Handbook of Game Theory and Industrial Organization
We provide a selective survey of what has been accomplished under the heading of monopolistic competition in industrial organization and other economic fields. Among other things, we argue that monopolistic competition is a market structure in its own right, which encompasses a much broader set-up than the celebrated constant elasticity of substitution (CES) model. Although oligopolistic and monopolistic competition compete for adherents within the economics profession, we show that this dichotomy is, to a large extend, unwarranted.
We investigate a model of one-stage bidding between two differently informed stockmarket agents for a risky asset (share). The random liquidation price of a share may take two values: the integer positive m with probability p and 0 with probability 1−p. Player 1 (insider) is informed about the price, Player 2 is not. Both players know the probability p. Player 2 knows that Player 1 is an insider. Both players propose simultaneously their bids. The player who posts the larger bid buys one share from his opponent for this price. Any integer bids are admissible. The model is reduced to a zero-sum game with lack of information on one side. We construct the solution of this game for any p and m: we find the optimal strategies of both players and describe recurrent mechanism for calculating the game value. The results are illustrated by means of computer simulation.
The article presents a theoretical survey of different ways to analyze the effect coexistence of spot and forward markets has on incentives for non-competitive behavior. There is no common opinion in economic theory concerning the influence of forward contracts on incentives for non-competitive behavior in spot market. Several studies support the hypothesis that introduction of forward trading increases competition in the spot market by erosion of market power. But while it can reduce market power of an individual firm, forward trading facilitates tacit collusion in the market. This ambiguity demonstrates complexity of economic research, aimed at increasing social welfare.
Cooperative game theory instruments application to the corporate finance M&A research issues provide an ability to extend the field considered and conclusions obtained. The paper presents the M&A cooperative games modeling and its empirical implementation to analyze the airline strategic alliance as M&A deal.
The authors investigate behavioural assumptions underlying the normal performance of market economy. It is assumed that a model of man adequate for market economy can be deduced from the ideal-typical properties of the latter. The main components of such model are rationality and morality. Main ethical categories relevant for market economy are analyzed: trust, justice, equality, virtues, freedom as well as their treatment in modern economics. Behavioural properties specifi c for modern Russian economy are discussed.
In this paper, we want to introduce experimental economics to the field of data mining and vice versa. It continues related work on mining deterministic behavior rules of human subjects in data gathered from experiments. Game-theoretic predictions partially fail to work with this data. Equilibria also known as game-theoretic predictions solely succeed with experienced subjects in specific games – conditions, which are rarely given. Contemporary experimental economics offers a number of alternative models apart from game theory. In relevant literature, these models are always biased by philosophical plausibility considerations and are claimed to fit the data. An agnostic data mining approach to the problem is introduced in this paper – the philosophical plausibility considerations follow after the correlations are found. No other biases are regarded apart from determinism. The dataset of the paper “Social Learning in Networks” by Choi et al 2012 is taken for evaluation. As a result, we come up with new findings. As future work, the design of a new infrastructure is discussed.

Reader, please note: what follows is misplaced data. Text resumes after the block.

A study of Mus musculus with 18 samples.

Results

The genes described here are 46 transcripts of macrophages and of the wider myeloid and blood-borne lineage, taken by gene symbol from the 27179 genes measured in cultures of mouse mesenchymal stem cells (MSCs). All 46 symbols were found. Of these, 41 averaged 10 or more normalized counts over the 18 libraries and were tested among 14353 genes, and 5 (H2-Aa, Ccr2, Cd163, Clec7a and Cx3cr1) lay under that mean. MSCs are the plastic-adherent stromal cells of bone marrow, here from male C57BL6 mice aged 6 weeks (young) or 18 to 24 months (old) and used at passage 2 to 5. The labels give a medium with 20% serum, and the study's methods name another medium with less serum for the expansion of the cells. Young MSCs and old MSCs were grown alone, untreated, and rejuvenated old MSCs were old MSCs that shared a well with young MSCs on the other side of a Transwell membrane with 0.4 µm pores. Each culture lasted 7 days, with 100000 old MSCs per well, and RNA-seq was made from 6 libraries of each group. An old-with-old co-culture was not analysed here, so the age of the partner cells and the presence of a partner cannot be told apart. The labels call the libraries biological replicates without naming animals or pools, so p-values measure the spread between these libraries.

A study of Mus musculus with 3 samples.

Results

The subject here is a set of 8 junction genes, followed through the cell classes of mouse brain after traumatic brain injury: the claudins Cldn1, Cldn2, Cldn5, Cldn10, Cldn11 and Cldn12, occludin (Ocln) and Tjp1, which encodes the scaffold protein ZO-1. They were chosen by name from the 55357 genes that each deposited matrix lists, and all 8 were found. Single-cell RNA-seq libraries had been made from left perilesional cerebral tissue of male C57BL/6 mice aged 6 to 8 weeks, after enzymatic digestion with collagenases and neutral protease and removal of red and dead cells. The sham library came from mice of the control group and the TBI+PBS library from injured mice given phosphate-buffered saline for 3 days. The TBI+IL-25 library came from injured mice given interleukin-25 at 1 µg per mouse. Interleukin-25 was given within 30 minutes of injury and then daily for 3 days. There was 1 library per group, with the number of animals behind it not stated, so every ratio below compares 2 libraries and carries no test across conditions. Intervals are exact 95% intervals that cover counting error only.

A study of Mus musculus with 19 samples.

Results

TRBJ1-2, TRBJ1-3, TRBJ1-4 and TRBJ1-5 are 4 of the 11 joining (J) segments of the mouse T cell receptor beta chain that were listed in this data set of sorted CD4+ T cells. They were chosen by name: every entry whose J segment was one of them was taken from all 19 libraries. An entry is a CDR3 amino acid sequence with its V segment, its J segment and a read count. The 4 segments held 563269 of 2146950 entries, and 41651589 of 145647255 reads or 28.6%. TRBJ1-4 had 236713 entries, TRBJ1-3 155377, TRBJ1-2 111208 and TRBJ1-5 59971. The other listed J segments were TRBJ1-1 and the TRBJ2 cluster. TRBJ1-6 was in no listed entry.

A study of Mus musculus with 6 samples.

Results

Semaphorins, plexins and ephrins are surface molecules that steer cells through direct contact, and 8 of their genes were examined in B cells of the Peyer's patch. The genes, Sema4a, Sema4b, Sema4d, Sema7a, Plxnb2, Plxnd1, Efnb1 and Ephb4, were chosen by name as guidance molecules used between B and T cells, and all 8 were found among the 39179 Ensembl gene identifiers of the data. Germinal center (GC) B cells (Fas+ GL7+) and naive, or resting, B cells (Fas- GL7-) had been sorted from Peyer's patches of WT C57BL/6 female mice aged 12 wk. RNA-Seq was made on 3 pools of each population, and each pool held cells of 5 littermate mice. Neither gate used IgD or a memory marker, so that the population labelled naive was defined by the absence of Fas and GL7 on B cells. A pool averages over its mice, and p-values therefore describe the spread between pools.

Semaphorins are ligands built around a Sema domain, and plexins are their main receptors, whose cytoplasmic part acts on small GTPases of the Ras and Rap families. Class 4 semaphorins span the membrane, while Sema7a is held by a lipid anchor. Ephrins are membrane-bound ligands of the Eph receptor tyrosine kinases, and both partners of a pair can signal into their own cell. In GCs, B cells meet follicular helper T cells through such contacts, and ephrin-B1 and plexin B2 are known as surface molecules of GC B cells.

The collection contains papers accepted for the Fourth International Conference Game Theory and Management (June 28–30, 2010, St. Petersburg University, St. Petersburg, Russia). The presented papers belong to the field of game theory and its applications to management. The volume may be recommended for researches and post-graduate students of management, economic and applied mathematics departments.
The paper examines the structure, governance, and balance sheets of state-controlled banks in Russia, which accounted for over 55 percent of the total assets in the country's banking system in early 2012. The author offers a credible estimate of the size of the country's state banking sector by including banks that are indirectly owned by public organizations. Contrary to some predictions based on the theoretical literature on economic transition, he explains the relatively high profitability and efficiency of Russian state-controlled banks by pointing to their competitive position in such functions as acquisition and disposal of assets on behalf of the government. Also suggested in the paper is a different way of looking at market concentration in Russia (by consolidating the market shares of core state-controlled banks), which produces a picture of a more concentrated market than officially reported. Lastly, one of the author's interesting conclusions is that China provides a better benchmark than the formerly centrally planned economies of Central and Eastern Europe by which to assess the viability of state ownership of banks in Russia and to evaluate the country's banking sector.
The paper examines the principles for the supervision of financial conglomerates proposed by BCBS in the consultative document published in December 2011. Moreover, the article proposes a number of suggestions worked out by the authors within the HSE research team.